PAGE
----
Jan 5, 2009, 6:15 AM
What obviously needs to be said, believe me or not, is that three thirds of the struggle for the upbringing and welfare of families in many African homes lie in the hands of women. Imagine being a housewife, a mother for that matter, it will be hard for poverty to occupy a place in one's life, and for the best way to overcome this problem, struggle needs to take a centre stage. As for a real woman, ranging from high profile down to the grassroots level, struggle can be described as their second name, although the struggles differ due to the circumstances in which they find themselves. As for some women, they are lucky enough to be educated, grab a good job, married to the right man and with a nice family. For some, they are educated, employed, married with kids but not lucky to have good care from their partners, while in other instances, some are educated, not married, unemployed, unskilled and some are neither educated nor skilled and are married with children and had no other option but to engage themselves in a very hectic way of earning money in order to contribute their own quota to the well-being of their individual families either directly or indirectly as far as the struggle is concerned.
Among these women, some are fish smugglers at Tanje river side some of whom normally go to the riverside and wait for the boats to arrive, and when they do, they (the women) have to take their pans and put fish in them and take out for the petty traders and each trip they will be paid for just four fish which they continue till they have a full pan; and that's what they use to smoke and take it to Serrekunda Market for sale.
This week we had an opportunity to speak to some of the women at Tanje river side, who shared their experience with us, to know how they are struggling to make ends meet. Please read on:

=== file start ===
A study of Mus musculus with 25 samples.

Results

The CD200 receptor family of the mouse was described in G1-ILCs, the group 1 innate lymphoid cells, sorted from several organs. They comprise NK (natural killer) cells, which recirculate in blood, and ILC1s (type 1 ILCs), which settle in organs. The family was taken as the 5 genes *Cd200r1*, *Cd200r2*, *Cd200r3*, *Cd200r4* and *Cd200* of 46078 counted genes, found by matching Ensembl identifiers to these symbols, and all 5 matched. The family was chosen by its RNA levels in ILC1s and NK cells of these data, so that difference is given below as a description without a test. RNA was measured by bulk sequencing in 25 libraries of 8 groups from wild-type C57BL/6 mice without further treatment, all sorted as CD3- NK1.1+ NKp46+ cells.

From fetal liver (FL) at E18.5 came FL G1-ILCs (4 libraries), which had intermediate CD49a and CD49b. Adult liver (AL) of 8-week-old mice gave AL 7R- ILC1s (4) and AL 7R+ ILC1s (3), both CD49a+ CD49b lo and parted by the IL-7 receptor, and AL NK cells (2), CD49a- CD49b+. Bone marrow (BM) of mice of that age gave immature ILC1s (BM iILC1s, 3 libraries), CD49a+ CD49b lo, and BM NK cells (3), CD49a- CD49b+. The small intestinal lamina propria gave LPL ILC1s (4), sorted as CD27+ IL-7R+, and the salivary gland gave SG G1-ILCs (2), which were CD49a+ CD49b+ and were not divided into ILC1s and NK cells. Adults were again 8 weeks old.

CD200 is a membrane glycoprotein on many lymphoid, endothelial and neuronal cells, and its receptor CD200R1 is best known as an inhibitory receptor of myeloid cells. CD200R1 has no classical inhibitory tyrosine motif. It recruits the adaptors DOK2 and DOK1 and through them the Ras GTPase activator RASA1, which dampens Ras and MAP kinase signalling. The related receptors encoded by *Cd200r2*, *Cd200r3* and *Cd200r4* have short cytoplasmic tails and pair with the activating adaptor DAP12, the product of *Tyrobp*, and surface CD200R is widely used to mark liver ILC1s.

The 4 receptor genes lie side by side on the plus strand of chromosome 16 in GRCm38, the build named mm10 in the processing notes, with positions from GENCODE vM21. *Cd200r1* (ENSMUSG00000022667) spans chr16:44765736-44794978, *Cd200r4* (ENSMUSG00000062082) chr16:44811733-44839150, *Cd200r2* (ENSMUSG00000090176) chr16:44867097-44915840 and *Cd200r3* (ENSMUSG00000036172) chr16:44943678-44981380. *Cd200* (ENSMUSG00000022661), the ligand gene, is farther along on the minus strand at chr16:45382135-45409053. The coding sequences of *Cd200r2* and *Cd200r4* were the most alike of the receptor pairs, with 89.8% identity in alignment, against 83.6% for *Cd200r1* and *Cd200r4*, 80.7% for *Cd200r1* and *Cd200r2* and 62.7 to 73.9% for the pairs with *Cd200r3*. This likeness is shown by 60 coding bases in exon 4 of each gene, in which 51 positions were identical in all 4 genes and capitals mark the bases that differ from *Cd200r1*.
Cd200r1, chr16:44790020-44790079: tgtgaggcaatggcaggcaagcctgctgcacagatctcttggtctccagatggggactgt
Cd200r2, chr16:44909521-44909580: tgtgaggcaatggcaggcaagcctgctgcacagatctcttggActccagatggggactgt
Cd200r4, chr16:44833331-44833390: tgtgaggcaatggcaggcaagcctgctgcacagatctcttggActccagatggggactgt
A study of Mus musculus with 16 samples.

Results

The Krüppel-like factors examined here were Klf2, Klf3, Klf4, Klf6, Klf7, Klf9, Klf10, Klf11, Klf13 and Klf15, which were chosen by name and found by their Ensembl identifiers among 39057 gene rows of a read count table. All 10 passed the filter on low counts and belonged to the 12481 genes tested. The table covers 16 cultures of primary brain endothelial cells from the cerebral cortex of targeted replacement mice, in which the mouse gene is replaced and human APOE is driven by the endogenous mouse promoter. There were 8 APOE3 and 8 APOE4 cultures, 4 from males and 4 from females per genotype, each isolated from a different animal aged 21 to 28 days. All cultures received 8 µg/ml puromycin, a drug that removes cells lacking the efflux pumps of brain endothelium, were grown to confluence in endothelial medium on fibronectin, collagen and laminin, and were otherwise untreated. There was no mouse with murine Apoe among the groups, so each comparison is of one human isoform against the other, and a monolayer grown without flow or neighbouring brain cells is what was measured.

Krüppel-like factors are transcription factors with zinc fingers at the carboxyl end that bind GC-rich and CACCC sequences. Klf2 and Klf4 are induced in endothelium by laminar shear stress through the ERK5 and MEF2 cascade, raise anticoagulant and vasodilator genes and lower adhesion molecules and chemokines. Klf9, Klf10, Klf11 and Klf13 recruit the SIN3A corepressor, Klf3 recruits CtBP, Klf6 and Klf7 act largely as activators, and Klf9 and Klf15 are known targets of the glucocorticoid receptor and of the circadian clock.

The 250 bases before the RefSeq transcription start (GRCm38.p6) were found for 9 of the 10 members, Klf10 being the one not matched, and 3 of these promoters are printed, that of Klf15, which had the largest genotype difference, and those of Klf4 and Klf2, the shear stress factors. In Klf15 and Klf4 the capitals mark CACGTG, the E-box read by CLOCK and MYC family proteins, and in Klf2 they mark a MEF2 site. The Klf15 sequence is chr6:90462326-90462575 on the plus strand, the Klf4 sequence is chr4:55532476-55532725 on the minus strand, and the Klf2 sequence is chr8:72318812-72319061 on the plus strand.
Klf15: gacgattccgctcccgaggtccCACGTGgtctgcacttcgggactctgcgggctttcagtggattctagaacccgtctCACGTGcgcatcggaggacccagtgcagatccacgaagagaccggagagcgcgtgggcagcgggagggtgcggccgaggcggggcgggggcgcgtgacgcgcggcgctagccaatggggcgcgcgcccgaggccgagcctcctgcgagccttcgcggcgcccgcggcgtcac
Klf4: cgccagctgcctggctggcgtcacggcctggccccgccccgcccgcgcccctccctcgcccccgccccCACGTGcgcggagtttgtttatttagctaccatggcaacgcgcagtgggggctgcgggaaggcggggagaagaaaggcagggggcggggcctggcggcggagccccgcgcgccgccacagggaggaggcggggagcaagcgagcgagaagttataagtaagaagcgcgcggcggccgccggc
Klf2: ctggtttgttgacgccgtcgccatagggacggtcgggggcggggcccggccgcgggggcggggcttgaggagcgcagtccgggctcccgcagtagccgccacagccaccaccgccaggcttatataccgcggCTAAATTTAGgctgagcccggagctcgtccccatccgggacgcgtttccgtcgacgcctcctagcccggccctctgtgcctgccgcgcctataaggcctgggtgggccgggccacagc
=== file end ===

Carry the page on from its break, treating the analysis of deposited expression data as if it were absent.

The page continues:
Isatou Sowe is a member of the Tanje Women Association said that they are from Brufut but works at Tanje river side, so they name themselves after the village. According to her, their association is really working hard in order to help their families, 'we are all mothers and our kids are school going children, and that's why there is a need for us to struggle for the betterment of our young ones. We always come from our various homes as early as 6:00am to 7:00am just to wait the arrival of the fish boats so as to buy fish and take it home and smoke it then take it to the market for sell, and the profit we get that's what we used to help ourselves with it and pay our children's school fees, give them lunch out of it and solve some of our financial problems'
Asked whether they encounter some constrains, Isatou was quick to say that one basket of fish is sold to them D1, 000.00 or D1, 500.00 from which they sometimes have a profit of D250.00 or D300.00. " Lack of ice blocks is very disturbing because at times when we don't have it, all our fish get rotten, and at the end of the day we only throw them and lose the money we spend on it, and some times we stay here waiting for the boats till sun set before we get to our families.
For her part Isatou Fatty, also a bona fide member of the said association, lamented that since she was a child she has been coming to the river for buying and selling of fish, " since those days up to date we don't have a place where to sell our fish; we are appealing to every organisation, government, NGOs, philanthropists or individuals to give us a helping hand so that our burden can be reduced , and which will be profitable than to always transport it to home for smoking and later to the market, and in that case there will be nothing like rotten fish because as soon as we get the fish we smoke it at that spot. There will be no delayance. We are really ready to work hard for the support of our families and the nation in general, but this can't be achieved in the absence of funds. This river side is our main source of income, it's our office, it's our farmland, so we are ready to make the best use of it and we promise that if we should have help we will work harder to the extent of exporting fish.